In last week’s post and comments we looked at this topic from the point of view of the traveler. I thought you might find it interesting to look at it from the other side of the fence.
One of our lodges, Tortuga Lodge has no road access. Guests often arrive by boat and leave in light charter aircraft.
When we first started, we did not do a good enough job of communicating what we meant be “light charter aircraft.” It quickly became apparent that what our guests imagined as light charter aircraft was perhaps a 20-passenger plane that looked something like this:
While the biggest aircraft in Costa Rica small enough for the short grass strip that we had at the time was a 5 passenger Cessna 206 that looks like this:
I was standing on the airstrip with outgoing guests who were demanding that I get a bigger plane when I first realized this. I explained patiently that the strip was too small for bigger planes. They demanded to go out by boat. No amount of patient reasoning would convince them to fly in that plane.
All my boats were in use doing tours, so I ended up having to rent a boat to take them out to the road head and find a bus to get them from the road head to wherever they were going next.
Clearly we needed to do everything possible to make sure that our guests who were going to be flying knew before hand literally what they were getting into, but in 1987 we had to contact our guests through the tour operator or travel agent who had booked the tour and communication was a lot more cumbersome than it is now. I was going to be facing this exact same situation several times a week. I had to quickly come up with a way to get guests to fly in that little plane.
Trying to figure out how to do this kept me up nights. I rehearsed all sorts of arguments in my head about why they should fly out and it was irrational for them to be afraid.
A week or so later when the next guests refused to fly, I was much more prepared than I had been the first time. It is a good thing that I was also more prepared with a boat and bus, because they would not get on the plane.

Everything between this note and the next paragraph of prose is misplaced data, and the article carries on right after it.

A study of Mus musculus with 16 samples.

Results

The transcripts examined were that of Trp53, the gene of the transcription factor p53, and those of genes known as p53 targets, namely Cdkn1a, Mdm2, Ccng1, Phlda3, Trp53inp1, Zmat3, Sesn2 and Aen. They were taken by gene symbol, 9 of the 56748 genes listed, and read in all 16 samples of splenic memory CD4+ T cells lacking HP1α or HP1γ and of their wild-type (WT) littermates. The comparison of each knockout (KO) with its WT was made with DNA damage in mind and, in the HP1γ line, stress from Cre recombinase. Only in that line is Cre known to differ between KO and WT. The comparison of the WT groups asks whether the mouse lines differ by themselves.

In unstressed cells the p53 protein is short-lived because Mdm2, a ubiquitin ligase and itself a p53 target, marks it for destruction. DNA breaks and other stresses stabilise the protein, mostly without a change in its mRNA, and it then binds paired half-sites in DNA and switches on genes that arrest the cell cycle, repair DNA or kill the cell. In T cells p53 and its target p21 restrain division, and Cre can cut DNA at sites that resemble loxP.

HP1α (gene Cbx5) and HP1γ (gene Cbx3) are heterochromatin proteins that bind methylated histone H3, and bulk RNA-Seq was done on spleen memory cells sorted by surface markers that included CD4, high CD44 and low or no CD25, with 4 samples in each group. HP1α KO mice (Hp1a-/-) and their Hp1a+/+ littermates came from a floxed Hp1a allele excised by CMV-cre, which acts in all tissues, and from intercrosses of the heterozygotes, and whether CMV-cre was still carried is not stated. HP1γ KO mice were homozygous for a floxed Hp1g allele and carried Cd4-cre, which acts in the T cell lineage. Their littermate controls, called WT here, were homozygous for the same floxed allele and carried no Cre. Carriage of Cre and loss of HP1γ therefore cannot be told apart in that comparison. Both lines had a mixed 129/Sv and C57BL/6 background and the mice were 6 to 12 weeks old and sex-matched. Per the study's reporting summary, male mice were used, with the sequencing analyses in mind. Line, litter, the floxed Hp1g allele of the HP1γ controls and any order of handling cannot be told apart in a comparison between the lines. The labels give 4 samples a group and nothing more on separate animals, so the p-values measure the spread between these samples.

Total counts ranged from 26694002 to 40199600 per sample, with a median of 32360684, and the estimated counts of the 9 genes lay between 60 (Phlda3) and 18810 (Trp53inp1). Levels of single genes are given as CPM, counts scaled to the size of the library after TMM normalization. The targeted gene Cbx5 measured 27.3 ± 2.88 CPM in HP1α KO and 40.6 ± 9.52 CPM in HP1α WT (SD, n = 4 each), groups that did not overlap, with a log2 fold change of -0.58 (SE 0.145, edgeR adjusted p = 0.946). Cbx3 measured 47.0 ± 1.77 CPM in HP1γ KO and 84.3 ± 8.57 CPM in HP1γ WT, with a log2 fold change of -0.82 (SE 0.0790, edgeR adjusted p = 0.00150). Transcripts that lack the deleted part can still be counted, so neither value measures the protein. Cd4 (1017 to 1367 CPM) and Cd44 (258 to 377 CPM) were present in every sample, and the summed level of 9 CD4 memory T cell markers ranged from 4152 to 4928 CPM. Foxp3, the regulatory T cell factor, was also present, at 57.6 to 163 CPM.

After this happened several more times, I became resigned that once the guests said they were not getting on the plane, it was very unlikely that I would convince them otherwise. So my problem had evolved from how to talk them into flying to how to prevent them from deciding not to fly in the first place. I couldn’t give a little talk to all the guests on how fun and safe it is to fly in tiny little planes because I would risk scaring guests who would have flown had I kept my mouth shut.
Finally after several more failures, it popped into my head that the answer was a question. From that moment on I never had anyone refused to get on the plane. As soon as they saw the plane, before they had a chance to react, I asked a question that everyone who flies is used to answering before they get on the plane, “Window or aisle?”
Our guests responded in many different ways. Many automatically told me their preference. Many laughed. Some frankly expressed how scared they were. But they invariably climbed into a passenger cabin that looked like this.
An added reward was that on several occasions the people who were most scared of flying took the trouble to get back to me and tell me how glad they were they had.
Do you have more stories about getting people to do things or the rewards of getting out of your comfort zone? Please share.